Companies often treat security as an afterthought instead of an investment. Learn how top advisors Anthony Johnson and Rohit Parchuri securely position their companies for stable financial success.

laptops on a table with hands, the screen of the laptop has an image of a lock on it indicating avoiding cybersecurity attacks
Colleagues sit around a conference table as one logs in to a secure site. [Anna Berkut/ Stocksy]

Ignorance is not bliss in the world of cybersecurity. Chief Information Security Officers (CISOs) Anthony Johnson of Delve Risk and Rohit Parchuri at Yext have a candid discussion on IT Visionaries on how the number-one cause of most companies’ downfall in security is negligence.

“There’s really four reasons why a company gets hacked,” said Johnson. “They want some money; they want to see the world burn; some intellectual property; or are there some sort of social reasons?” Either way, he said, “What I really care about is the level of sophistication.”

Cybersecurity attacks are ever-present possibilities

Motives don’t matter so much as methods to attack. A complex breach is preventable, but you’ve got to start with the systems in place that can help secure any business. CISOs are responsible for aligning security goals with what is realistic and in line with the company’s values.

A big enough cyber event could delete the backups, could delete the ability of the company to operate, and just completely wipe the organization.

ANTHONY JOHNSON, CHIEF INFORMATION SECURITY OFFICER OF DELVE RISK

“Setting that mission and vision from a cyber standpoint,” said IT Visionaries host Albert Chou, “it’s certainly the first step.” From there, companies can take a more tailored approach depending on what kind of threats they are exposed to.

“Cyber can be fully catastrophic to a company. A big enough cyber event could delete the backups, could delete the ability of the company to operate, and just completely wipe the organization,” said Johnson. In 2020 alone, the cost of data breaches averaged $3.86 million in the United States. “There is not another threat that can be as macro systemic to any one organization.”

CISOs need a seat at the table

We invest in security for a mall, a physical building, a bank. These are preemptive measures to prevent theft and fraud. But when it comes to cybersecurity, it is often seen as an afterthought: put in place only after a large breach happens, only after there is trouble to pay for or pieces to pick up.

The role of the CISO fundamentally is to be able to articulate the value prop of cybersecurity.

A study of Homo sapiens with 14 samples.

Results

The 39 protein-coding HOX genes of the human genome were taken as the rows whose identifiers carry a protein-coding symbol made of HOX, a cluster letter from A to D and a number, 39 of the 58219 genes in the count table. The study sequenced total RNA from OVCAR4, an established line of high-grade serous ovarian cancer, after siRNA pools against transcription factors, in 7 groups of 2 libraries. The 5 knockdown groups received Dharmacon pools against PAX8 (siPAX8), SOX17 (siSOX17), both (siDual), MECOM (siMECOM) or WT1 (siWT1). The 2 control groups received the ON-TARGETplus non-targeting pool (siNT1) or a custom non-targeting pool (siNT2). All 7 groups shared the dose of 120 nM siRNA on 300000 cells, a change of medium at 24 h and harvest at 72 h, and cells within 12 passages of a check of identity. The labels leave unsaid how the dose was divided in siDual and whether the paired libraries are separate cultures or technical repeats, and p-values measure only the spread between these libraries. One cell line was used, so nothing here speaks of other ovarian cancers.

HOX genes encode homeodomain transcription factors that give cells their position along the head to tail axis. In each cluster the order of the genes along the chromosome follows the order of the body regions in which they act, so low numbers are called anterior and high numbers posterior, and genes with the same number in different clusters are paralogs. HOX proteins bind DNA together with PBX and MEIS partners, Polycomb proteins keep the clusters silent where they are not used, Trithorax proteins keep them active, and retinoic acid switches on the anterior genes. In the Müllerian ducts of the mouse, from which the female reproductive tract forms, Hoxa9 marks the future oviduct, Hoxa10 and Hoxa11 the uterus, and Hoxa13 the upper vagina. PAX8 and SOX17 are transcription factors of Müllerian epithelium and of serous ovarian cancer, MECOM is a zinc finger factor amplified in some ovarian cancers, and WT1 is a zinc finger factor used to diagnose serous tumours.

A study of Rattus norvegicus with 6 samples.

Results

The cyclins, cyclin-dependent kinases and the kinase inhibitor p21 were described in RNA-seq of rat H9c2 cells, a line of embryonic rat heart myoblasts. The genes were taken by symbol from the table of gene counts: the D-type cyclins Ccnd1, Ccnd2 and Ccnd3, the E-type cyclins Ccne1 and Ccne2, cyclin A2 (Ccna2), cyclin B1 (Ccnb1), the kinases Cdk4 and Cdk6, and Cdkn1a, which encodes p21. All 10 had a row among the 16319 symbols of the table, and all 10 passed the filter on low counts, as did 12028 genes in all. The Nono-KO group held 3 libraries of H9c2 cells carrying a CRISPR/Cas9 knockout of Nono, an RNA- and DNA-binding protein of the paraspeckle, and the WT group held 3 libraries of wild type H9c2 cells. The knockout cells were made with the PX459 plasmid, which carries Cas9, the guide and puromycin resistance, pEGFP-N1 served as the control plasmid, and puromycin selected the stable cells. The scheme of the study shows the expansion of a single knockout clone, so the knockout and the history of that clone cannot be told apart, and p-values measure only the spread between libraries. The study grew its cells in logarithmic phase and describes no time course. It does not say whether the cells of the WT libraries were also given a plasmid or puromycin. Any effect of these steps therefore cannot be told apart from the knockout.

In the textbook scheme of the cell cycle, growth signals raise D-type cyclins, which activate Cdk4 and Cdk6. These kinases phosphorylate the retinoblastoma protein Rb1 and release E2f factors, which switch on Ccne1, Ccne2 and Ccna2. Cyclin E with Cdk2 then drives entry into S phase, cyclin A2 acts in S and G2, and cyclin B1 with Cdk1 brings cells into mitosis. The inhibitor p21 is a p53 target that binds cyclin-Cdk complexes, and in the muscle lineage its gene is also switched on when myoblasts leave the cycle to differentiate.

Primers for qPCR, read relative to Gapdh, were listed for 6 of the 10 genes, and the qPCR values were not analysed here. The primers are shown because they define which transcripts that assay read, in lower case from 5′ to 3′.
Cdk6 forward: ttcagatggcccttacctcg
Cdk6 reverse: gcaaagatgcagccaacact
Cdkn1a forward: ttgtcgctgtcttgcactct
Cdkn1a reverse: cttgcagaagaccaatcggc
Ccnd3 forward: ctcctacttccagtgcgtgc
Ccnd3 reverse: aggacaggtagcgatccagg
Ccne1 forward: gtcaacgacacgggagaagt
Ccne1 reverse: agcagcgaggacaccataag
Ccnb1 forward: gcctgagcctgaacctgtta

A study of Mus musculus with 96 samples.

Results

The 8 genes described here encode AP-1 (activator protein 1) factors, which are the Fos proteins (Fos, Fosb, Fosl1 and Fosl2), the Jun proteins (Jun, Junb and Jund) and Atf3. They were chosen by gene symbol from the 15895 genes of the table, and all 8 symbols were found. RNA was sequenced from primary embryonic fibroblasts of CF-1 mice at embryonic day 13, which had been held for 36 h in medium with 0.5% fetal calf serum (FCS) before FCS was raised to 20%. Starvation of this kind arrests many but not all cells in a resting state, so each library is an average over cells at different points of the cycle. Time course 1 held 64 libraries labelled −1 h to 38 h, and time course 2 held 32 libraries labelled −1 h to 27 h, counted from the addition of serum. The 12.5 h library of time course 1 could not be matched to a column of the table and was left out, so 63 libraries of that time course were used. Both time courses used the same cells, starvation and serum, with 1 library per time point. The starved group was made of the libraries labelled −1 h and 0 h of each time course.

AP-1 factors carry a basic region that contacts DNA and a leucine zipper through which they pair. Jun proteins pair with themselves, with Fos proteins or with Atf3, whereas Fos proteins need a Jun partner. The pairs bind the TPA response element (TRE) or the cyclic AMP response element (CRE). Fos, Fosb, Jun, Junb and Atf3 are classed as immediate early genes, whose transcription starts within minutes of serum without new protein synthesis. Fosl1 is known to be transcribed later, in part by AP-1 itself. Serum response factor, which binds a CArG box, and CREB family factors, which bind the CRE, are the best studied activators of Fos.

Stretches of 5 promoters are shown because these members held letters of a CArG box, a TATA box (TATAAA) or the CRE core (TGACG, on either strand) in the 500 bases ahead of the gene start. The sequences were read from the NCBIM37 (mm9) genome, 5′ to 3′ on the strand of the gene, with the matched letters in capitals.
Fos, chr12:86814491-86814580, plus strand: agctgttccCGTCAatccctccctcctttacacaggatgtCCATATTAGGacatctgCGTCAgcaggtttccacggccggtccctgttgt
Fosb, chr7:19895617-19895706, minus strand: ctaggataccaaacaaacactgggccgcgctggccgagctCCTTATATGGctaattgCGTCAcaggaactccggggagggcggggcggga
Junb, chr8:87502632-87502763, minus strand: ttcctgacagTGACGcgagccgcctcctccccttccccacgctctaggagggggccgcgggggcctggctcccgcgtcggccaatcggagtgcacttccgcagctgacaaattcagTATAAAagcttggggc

ANTHONY JOHNSON, CHIEF INFORMATION SECURITY OFFICER OF DELVE RISK

Johnson compared it to how people would rather pay a $500 parking violation fine for parking illegally in a handicap spot than park where they are allowed from the onset. Similarly, if company leaders do not invite CISOs to initial strategic discussions, that shows the company values security as a “cost” rather than an investment. “You have a totally different mindset,” he said. It’s about paying the fee if the person (or company) “got caught,” versus treating the vehicle of your company properly in the first place.

Fines for GDPR can begin at $23 million for serious infringements, but some companies would still rather face the fee.

“The role of the CISO fundamentally is to be able to articulate the value prop of cybersecurity,” said Johnson.

Parchuri agreed. “When we say company, we really are talking about the leaders and the board. Do they understand what exactly is at risk? … What exactly does the management look like?”

“Where do we draw risk tolerance?” said Johnson. “We haven’t really had meaningful conversations about what’s acceptable.”

Even with more conversations and more investment, there always is an ongoing threat. “You could probably spend to infinity and still not actually be secured,” Chou acknowledged. “Someone will always find a way to penetrate your systems and architecture.”

The best way, Parchuri says, is to address the most important thing first: compliance. From there, he suggests building different risk models depending on each company’s needs.

We should have automated detection built into the security tools so that you don’t have analysts trying to research those things.

Rohit Parchuri, Chief Information Security Officer at Yext

“Are you focused on a specific element within the industry at large? Or are you tackling a number of different things where you might be exposed? That plays a huge role.”

Parchuri said that once you have your goals aligned with that of the business, the next step is to formulate a set of risk models to best determine where the company has vulnerabilities. “We should have automated detection built into the security tools so that you don’t have analysts trying to research those things.”

Regardless of whether the hacker is a twelve-year-old or forty-year-old, business models must first begin with compliance, then have durable systems in place that guard their progress, values, and future.